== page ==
London has again come out at the top of the twice-annual Global Financial Centres Index, which ranks the world’s leading financial centres, but those who compile the index suggest that there are likely to be changes down the road as a result of Brexit.
The latest index, which is based on responses from more than 2,400 financial services industry executives collected in the 24 months to the end of June and which was released today, showed that New York remained in second place, with Singapore, Hong Kong and Tokyo in third, fourth, fifth and sixth places respectively, as they were in April, when the previous GFCI ranking was published.
However, today’s ranking also shows London’s lead over New York has been narrowed to just one point, compared with 8 points in April, while its lead over Singapore has narrowed to 42 points from 45.
Noting that it was too soon for the “Leave” result of the UK’s 24 June referendum on whether to remain in Europe to be fully reflected in today’s GFCI ranking, the GFCI authors suggested that their next edition, due to come out in March, is likely to show some significant changes, based on the post-referendum assessments they have been receiving.
The GFCI is published by the London-based Z/Yen research organisation, in conjunction with the China Development Institute (CDI).
North America rise
Elsewhere, all North American centres except Calgary moved up in the ratings. Calgary focuses on energy finance and the recent volatility in oil prices is likely to have caused a decline in Calgary’s rating. San Francisco and Boston are second and third in North America – reflecting the growing importance of Fintech. Chicago re-enters the GFCI top ten and Toronto, the leading Canadian centre, is now 13th having been eighth a year ago.
Western Europe remains a region in flux. Luxembourg and Dublin show strong rises in the ratings whilst Geneva and Amsterdam fall. Early indications following the Brexit referendum result are that decision-makers are looking around and considering Luxembourg and Dublin as potential locations if they need to leave the UK, the GFCI said. While wealth management in Geneva may be suffering from increased transparency requirements of international regulators.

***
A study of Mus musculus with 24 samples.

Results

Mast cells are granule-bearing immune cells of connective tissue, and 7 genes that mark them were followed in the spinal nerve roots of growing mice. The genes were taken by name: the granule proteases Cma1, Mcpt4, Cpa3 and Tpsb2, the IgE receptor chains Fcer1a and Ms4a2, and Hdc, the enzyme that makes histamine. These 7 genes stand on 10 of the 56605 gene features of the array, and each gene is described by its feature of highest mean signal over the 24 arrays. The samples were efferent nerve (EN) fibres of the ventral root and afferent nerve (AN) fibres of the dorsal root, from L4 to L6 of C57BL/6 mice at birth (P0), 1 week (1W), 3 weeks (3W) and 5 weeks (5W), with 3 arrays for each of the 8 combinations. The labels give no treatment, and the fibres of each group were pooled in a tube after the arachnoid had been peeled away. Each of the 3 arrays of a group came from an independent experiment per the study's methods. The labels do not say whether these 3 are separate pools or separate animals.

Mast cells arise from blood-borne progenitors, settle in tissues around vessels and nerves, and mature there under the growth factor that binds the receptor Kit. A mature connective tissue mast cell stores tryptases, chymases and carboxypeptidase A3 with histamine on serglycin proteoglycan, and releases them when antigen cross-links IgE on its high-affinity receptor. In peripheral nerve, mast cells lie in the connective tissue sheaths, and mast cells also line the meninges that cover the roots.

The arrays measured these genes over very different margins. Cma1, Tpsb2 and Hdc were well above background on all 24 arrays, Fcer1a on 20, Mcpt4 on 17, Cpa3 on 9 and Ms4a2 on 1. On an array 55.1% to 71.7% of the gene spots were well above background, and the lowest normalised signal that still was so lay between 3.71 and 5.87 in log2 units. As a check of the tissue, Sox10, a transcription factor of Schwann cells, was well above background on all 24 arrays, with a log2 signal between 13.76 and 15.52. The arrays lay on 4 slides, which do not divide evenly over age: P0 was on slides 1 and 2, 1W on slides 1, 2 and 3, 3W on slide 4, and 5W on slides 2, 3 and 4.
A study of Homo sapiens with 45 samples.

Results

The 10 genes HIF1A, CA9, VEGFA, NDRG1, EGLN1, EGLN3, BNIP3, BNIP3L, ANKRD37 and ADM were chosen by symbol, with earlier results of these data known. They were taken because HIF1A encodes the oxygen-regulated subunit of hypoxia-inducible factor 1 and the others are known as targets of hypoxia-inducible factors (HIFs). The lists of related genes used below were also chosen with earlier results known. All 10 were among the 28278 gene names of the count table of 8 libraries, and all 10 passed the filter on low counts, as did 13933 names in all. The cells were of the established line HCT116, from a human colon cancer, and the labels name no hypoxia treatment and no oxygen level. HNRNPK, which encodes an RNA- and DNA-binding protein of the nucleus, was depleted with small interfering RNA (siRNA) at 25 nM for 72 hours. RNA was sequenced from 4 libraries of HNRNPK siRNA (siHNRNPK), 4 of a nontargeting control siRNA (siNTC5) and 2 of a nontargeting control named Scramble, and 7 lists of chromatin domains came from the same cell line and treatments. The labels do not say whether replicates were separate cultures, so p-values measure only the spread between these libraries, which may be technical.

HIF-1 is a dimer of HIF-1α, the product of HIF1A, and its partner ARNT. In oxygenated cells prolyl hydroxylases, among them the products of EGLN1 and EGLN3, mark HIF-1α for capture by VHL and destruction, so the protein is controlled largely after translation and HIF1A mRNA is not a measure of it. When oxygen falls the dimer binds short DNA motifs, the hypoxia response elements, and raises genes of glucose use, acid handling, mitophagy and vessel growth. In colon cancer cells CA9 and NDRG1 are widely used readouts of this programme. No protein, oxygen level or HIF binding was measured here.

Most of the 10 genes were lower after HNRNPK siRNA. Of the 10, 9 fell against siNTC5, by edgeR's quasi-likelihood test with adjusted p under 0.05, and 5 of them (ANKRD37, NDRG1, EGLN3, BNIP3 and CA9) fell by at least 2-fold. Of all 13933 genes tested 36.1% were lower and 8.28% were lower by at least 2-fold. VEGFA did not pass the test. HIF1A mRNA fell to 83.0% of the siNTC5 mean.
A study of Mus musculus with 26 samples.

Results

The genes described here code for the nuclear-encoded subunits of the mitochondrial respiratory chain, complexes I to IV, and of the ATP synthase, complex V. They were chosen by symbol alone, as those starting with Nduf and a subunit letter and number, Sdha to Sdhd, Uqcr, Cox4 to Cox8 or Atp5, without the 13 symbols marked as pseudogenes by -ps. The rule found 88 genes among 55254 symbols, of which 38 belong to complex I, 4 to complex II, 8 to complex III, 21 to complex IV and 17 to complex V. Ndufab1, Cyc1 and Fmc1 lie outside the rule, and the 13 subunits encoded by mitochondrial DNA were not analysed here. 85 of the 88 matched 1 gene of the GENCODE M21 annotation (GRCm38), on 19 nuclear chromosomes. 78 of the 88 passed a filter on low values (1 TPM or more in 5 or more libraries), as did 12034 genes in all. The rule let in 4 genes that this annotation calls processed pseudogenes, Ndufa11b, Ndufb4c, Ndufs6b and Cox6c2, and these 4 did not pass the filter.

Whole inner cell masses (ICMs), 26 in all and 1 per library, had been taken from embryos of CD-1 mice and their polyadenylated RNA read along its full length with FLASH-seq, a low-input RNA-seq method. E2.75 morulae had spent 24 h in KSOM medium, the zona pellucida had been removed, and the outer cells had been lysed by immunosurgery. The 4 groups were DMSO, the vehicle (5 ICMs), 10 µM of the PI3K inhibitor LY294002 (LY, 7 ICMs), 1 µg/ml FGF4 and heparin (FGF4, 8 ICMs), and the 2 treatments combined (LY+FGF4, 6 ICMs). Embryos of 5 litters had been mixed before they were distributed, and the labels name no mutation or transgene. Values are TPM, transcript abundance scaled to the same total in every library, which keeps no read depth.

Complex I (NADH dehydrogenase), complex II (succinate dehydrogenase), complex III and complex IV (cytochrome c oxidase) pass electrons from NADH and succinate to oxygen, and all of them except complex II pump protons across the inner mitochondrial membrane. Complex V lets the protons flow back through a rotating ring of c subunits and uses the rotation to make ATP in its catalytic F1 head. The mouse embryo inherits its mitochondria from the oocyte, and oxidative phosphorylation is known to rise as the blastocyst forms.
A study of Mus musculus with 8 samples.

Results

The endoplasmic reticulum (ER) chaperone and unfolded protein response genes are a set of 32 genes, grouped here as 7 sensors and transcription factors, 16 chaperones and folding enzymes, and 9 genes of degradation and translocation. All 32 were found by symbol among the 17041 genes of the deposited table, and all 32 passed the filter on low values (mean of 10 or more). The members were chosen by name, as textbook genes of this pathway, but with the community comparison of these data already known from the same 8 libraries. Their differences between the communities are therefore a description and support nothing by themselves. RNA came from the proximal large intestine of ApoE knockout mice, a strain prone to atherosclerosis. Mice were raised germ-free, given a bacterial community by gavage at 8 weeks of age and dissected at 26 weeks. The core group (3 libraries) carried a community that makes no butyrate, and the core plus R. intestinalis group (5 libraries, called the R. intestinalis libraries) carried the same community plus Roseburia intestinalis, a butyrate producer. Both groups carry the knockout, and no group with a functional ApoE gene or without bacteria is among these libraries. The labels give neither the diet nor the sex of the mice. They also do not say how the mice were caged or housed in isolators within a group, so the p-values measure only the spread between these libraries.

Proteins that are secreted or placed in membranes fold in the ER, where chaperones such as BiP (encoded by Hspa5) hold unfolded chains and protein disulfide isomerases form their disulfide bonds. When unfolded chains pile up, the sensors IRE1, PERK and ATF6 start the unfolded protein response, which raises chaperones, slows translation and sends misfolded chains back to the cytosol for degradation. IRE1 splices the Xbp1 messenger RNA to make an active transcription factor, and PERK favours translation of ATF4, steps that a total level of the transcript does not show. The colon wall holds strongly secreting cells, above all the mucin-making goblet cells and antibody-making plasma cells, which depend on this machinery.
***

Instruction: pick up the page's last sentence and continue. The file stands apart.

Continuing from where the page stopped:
Offshore financial centres
Offshore financial centres are recovering lost ground with Jersey, Guernsey, the Isle of Man, the Cayman Islands, Bermuda, the British Virgin Islands, all up in the GFCI 20 ratings.
Middle Eastern centres however are in a decline, the research showed With the exception of Bahrain which saw a modest rise, all Middle Eastern centres were somewhat down, although Dubai only fell by a single point, remaining well ahead of other centres in the region.
The think tanks that compile the data include Z/Yen Group in London and the China Development Institute in Shenzhen and both jointly launched GFCI 18 in Shenzhen 2015. And in July 2016 they have established a new strategic partnership for research into financial centres.
“The GFCI shows that London, New York, Singapore and Hong Kong have maintained their strong positions as the four leading global financial centres,” said Professor Fan Gang, president, China Development Institute.
‘Compete and collaborate’
“They compete and collaborate with each other. As the power of global financial markets is shifting from North America and Europe to Asia, the financial centres on the Chinese mainland are rapidly rising in importance with five cities included in the GFCI top fifty,” said Professor Fan Gang.
The top 20 of GFCI 20 ranks and ratings are shown below:
Elsewhere some Eastern European and Central Asian centres prosper whilst others struggle. Warsaw, Tallinn and Riga are now the leaders in this region. Istanbul, Moscow, St Petersburg and Athens continue to languish.
Australasian centres are doing well. Three of the top five global centres are Asian. Hong Kong and Singapore had some small declines. Sydney and Melbourne both saw solid increases in their ratings.
Sao Paulo, Rio de Janeiro and Mexico continue to struggle. Sao Paulo remains the top Latin American centre in GFCI 20, despite falling eight places. Trinidad and Tobago has entered the index for the first time in 71st place.
GFCI ratings volatility remains low. Overall, 39 centres rose in the ranks whilst 41 went down and six remained in the same place. 15 of top 20 centres see a rise in their ratings whilst 14 of the bottom 20 centres decreased in the ratings. This represents a widening of the ‘spread’ of ratings with the leading centres becoming stronger whilst the lesser centres continue to struggle.
Shanghai, Shenzhen and Beijing rank as the top three financial centres on the Chinese mainland. The three have their own merits and play a complementary role to each other. Shanghai, the birthplace of China’s modern finance industry, has stepped up its efforts to transform itself into a major international financial centre since 2009.
The GFCI provides ratings, rankings and profiles for financial centres, drawing on two separate sources of data – instrumental factors and responses to an online survey. The GFCI was created in 2005 and first published by Z/Yen Group in March 2007.
The GFCI is updated and republished each September and March. This is the twentieth edition (GFCI 20). 103 financial centres are actively researched. 87 financial centres appear in GFCI 20. For the full data release and list click here. The remaining 16 ‘associate centres’ will join the index when they receive sufficient assessments.